Way back in 2009 or so, I took a look at my first PC Power and Cooling unit, the Silencer 910 watt model. It turned out to be a fantastic performer, even if the single 80mm fan in it didn't do a lot to make people think of silence. But PC Power and Cooling didn't stop there... as time went by, the Silencer Mark II units made an appearance. Now featuring massive 135mm fans and better efficiency, these units turned out to be a lot quieter than their predecessors.
But, time still marches on, and once again PC Power and Cooling found themselves having to update the Silencer line. We first saw the new Mark III units last year in November, when Jon took a look at the 600 watt model. And it was a thing of beauty.
Computers have only gotten more and more power hungry since then. People are no longer content with noise in their systems, and have begun to push the envelope. No longer do they want to run three way SLI rigs, they want to water cool them too. And they want them quiet. What was PC Power and Cooling to do? Why, release a Silencer watt monster of course.
Today's review sample is just that power supply - the Silencer Mark III 1200W. Featuring 80 Plus Platinum certification and a seven year warranty, this bad boy is intended to tell all of us enthusiasts that PC Power and Cooling is not only still a force to be reckoned with in the industry, but they're going to be bringing the goods silently as well.
Now, a word about silence, because I know this is going to come up. Why don't we do noise testing in our reviews? It's quite simple... to test sound pressure levels (SPL), you must first have a quiet environment to do your testing in. Second, you must have a meter capable of providing accurate measurements down below 20 decibels, because a lot of these units don't get a lot louder than that.
On the first point, let me tell you about my "quiet" environment. I have two load testers in my office and one computer. On this unit, all of them will be powered and working. In order to insure accurate electrical measurements, the unit being tested must be as close to those load testers as possible. Each load tester has two fans... both are 120mm, 120V, 3200RPM. They make a lot of noise. Like, 65dB measured at a meter from the load testers. Additionally, I have three more high speed fans in the hot box. The computer, running in an Antec Twelve Hundred, has another six fans running all the time.
What I'm getting at is, it's just not quiet enough. To make it quiet enough, I'd have to put the unit being tested in a soundproof room and the load testers would have to be somewhere else. Either that, or I would have to build a box big enough to hold a smaller box housing the PSU inside it (for noise insulation). This smaller box would still have to be big enough to allow proper SPL measurements at one meter. In either case, that means long wires and poor electrical readings, unless those wires are heavy gauge. It can be done, but not cheaply. Since we are predominantly focused on performance here, and I don't exactly make a mint doing this, I'd rather show you how well something performs more than find out how quiet it is.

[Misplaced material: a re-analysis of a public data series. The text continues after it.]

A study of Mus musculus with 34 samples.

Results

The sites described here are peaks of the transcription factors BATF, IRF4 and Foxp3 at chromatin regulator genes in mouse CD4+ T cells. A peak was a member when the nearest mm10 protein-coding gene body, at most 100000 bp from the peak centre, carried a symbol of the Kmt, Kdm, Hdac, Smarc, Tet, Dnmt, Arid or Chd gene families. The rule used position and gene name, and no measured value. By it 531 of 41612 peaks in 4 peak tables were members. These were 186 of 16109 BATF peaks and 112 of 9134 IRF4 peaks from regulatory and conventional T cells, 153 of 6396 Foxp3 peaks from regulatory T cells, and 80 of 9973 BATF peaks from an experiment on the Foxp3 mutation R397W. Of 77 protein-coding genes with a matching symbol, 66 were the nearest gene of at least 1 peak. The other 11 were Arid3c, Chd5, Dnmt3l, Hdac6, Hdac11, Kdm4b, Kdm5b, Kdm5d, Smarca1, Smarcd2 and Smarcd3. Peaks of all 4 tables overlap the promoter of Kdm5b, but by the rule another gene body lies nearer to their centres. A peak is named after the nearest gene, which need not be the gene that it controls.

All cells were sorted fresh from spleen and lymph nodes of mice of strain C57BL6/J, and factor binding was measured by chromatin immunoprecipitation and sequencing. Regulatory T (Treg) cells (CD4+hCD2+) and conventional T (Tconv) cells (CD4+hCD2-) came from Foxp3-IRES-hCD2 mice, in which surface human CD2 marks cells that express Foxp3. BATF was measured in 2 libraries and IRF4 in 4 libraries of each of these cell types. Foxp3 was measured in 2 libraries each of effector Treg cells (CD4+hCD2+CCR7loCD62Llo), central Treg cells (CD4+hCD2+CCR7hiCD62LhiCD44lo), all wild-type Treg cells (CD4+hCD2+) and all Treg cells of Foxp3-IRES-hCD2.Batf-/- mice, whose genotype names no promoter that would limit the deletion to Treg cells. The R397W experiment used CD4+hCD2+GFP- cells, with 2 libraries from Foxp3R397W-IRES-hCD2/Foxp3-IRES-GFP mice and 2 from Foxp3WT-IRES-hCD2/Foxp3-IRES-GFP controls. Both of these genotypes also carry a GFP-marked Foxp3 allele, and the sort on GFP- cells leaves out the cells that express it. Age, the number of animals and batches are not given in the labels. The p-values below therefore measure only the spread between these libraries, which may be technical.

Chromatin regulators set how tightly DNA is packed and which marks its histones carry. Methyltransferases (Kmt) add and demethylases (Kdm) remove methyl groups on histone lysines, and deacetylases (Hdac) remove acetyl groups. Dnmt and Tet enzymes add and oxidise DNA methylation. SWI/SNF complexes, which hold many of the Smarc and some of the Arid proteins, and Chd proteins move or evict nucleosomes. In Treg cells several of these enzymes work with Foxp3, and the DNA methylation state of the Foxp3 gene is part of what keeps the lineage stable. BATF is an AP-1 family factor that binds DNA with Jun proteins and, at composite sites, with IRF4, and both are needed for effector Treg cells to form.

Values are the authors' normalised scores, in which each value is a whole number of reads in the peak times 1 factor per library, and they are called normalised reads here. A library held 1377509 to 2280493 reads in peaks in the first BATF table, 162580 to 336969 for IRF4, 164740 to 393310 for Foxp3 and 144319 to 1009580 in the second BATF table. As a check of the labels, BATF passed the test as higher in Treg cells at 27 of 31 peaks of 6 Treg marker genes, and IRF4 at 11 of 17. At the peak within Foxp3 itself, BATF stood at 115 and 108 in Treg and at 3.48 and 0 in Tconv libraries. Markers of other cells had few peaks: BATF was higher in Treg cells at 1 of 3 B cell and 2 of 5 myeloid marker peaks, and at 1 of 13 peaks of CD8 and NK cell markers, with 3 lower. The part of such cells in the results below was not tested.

Oh, right, I should be talking about marketing. Since the printing on this box is gray on white, it's a little hard to see and even harder to photograph well. I'm not going to squint at it for an hour while trying to type it out for you, so now you get to do some squinting. I've fiddled with contrast, brightness, and gamma to try and make it clearer.
Ah, good - fifty degrees at full power. That's the one thing I always liked about PC Power and Cooling back in the day - they weren't about to compromise on anything. Their units were going to perform well, by gum, and they were going to do it at high temperatures. In fact, PC Power and Cooling was the first company I can think of to actively push for industrial power supply quality in consumer grade units. Of course, the competition eventually caught up to them, but not before getting the PC Power and Cooling name out there on everybody's lips first.
Here's another part of the box marketing. I like seeing that selector switch for fanless mode. On many of these big units that go fanless at low loads, it makes me a little nervous to have them sitting there working at full power for any length of time with no fan. On this unit, you can make the fan stay on at all times with traditional thermal speed control. On the other hand, it's also nice to have a way to shut the fan off when it's not needed if you live in a dusty environment.
This is the last marketing picture, I promise. Modular... I like that. There used to be this myth going around that modularity was bad resulting in voltage drops. Let me be honest here... this myth stuff has been discussed ad nauseam to the point I'd rather not regurgitate it again. It will suffice to say that modular done well does not have problems with voltage drops. You just need to use good quality connectors, that's all, and/or provide for proper voltage sense wiring back to the internal circuitry.
We may have moved past the marketing, but Mr. Fuji thinks you should still squint at some more box pictures. He knows camera judo, so I'm not going to argue with him.
This side of the box has a helpful cable diagram on it, though I found some of the specified lengths were a bit off. I'll get a cable table ready for you on the next page.
Yes indeed, this is a 1200 watt Silencer. Time to get things unpacked.
Here are the box contents for you: a bag of modular cables, some knurled black screws, a user guide, a power cord in a nice white bag, a power supply, some zip ties, and a "thanks for buying this" info sheet.
Right about here is when I remembered that I do in fact own a scanner, and it's probably better for user guide shots like this one than Mr. Fuji is. The guide is nothing too special, but it's better than most I see come through here.